Sander wants to close transfer site

Jason Ferguson
Citing monthly losses of $5,000-$7,000, Sander Sanitation through its attorneys has proposed an addendum to its waste hauling contract with the City of Custer that, if approved, would see its transfer site off Sylvan Lake Road closed.
“There were many options proposed to the city as it related to the transfer station that were considered,” wrote Sander attorney Michael Wheeler of DerMers-seman, Jensen, Tellinghuisen & Huffman, LLP of Rapid City. “After consideration of the options and continued dialogue with the city, continued operation of the transfer station is simply not a viable option.”
In addition to the aforementioned monthly losses as the station operates with present volumes, Wheeler wrote there is “significant capital investment” the facility needs in addition to all the improvemens that have been completed to date.
Therefore, Sander approached the city to discuss adding an addendum to the contract that would exclude and terminate the transfer site requirement from the contract and, in connection with that, negotiate a reduced price for the city’s waste hauling from $16.72 to $15.72 per garbage can. The city charges more than that per garbage can to cover the cost of operations such as mailing statements, cleanup days, etc.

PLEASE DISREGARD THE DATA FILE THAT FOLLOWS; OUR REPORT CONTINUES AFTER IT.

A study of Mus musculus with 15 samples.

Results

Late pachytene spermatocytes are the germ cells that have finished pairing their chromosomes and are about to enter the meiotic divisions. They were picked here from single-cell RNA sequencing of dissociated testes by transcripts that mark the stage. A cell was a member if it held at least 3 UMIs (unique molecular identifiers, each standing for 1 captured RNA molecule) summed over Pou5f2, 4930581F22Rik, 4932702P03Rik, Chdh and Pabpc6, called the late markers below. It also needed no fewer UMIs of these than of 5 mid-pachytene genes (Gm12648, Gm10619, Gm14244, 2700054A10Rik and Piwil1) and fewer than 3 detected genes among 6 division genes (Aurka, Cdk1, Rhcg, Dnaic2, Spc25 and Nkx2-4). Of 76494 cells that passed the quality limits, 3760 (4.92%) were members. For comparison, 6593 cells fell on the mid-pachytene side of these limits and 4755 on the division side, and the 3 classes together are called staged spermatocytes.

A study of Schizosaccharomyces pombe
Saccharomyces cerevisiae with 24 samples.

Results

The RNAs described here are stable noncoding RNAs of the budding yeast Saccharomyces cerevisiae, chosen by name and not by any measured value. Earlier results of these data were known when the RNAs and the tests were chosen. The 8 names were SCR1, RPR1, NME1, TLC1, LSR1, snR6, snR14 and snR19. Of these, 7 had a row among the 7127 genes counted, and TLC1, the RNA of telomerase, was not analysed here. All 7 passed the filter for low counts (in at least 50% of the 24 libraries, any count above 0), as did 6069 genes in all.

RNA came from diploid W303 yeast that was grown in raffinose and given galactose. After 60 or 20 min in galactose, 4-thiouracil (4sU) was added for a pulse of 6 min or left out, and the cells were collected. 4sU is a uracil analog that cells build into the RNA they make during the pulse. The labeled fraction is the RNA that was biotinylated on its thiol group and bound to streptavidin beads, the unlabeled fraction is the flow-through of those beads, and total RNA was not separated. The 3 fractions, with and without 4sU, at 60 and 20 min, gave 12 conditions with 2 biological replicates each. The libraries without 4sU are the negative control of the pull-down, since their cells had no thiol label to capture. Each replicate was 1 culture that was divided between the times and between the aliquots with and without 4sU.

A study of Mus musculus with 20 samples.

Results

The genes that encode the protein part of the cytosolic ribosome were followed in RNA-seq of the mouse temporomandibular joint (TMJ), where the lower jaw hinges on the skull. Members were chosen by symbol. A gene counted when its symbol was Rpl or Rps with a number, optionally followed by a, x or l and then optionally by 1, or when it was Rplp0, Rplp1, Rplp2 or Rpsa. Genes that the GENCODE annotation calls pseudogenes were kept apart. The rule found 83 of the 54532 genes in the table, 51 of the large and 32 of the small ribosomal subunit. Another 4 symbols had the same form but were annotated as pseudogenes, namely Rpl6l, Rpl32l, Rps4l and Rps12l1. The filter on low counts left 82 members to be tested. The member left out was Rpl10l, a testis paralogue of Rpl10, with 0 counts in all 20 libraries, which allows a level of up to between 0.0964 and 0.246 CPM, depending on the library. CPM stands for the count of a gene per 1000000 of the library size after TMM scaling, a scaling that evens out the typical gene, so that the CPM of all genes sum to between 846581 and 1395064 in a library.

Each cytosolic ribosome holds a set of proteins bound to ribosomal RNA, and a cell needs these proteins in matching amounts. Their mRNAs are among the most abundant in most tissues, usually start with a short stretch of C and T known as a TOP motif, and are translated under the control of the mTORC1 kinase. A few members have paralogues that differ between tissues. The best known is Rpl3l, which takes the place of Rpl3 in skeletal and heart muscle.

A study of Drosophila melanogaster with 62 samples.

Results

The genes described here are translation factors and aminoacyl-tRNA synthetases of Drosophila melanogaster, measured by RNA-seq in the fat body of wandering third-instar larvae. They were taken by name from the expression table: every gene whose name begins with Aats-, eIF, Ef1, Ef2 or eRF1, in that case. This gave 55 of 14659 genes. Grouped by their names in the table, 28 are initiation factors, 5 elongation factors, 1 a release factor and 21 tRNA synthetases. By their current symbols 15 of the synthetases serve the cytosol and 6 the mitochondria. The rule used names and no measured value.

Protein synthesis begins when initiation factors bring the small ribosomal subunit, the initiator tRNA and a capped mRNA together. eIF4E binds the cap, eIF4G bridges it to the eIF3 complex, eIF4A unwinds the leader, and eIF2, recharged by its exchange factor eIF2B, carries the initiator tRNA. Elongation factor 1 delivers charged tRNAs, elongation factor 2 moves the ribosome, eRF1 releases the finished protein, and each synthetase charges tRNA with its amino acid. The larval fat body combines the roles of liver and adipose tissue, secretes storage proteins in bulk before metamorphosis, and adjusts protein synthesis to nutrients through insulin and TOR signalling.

The city and Sander Sanitation are in the second year of a five-year contract that expires May 1, 2022. The contract says Sander must operate a transfer site and be open six hours per day, three days per week, one of which must be Sunday.
The council made no decision, but acknowledged receipt of the letter and the proposal.
In other news from the Nov. 18 meeting, the council:
• Discussed Dakota Resources’ awarding Custer’s Recreation and Wellness Team its Innovative Rural Community Prize Oct. 19 which includes $5,000 to be used toward Dakota Resources’ community coaching credit.
Colleen Hennessey presented the city with the plaque the wellness team was awarded to be displayed at city hall. She discussed things the team has accomplished and what it has planned, such as wayfinding signs along the Mickelson Trail, hopefully by this spring.
The signs will cost around $1,900, Hennessey said, $1,500 of which it is hoped will be paid for through a grant. Local service clubs will be approached about funding the additional $400.
Other projects in the works include installation of bike racks, a city walking/biking plan, a program to provide fresh fruit for those who may not have access to it and installation of a flashing crosswalk where the Mickelson Trail crosses Mt. Rushmore Road by the old Shopko building.
• Approved the Custer Area Chamber of Commerce’s request to hold the Christmas parade Dec. 7. The parade will be at 5:30 p.m. and will travel down Mt. Rushmore Road from 8th Street to 4th Street.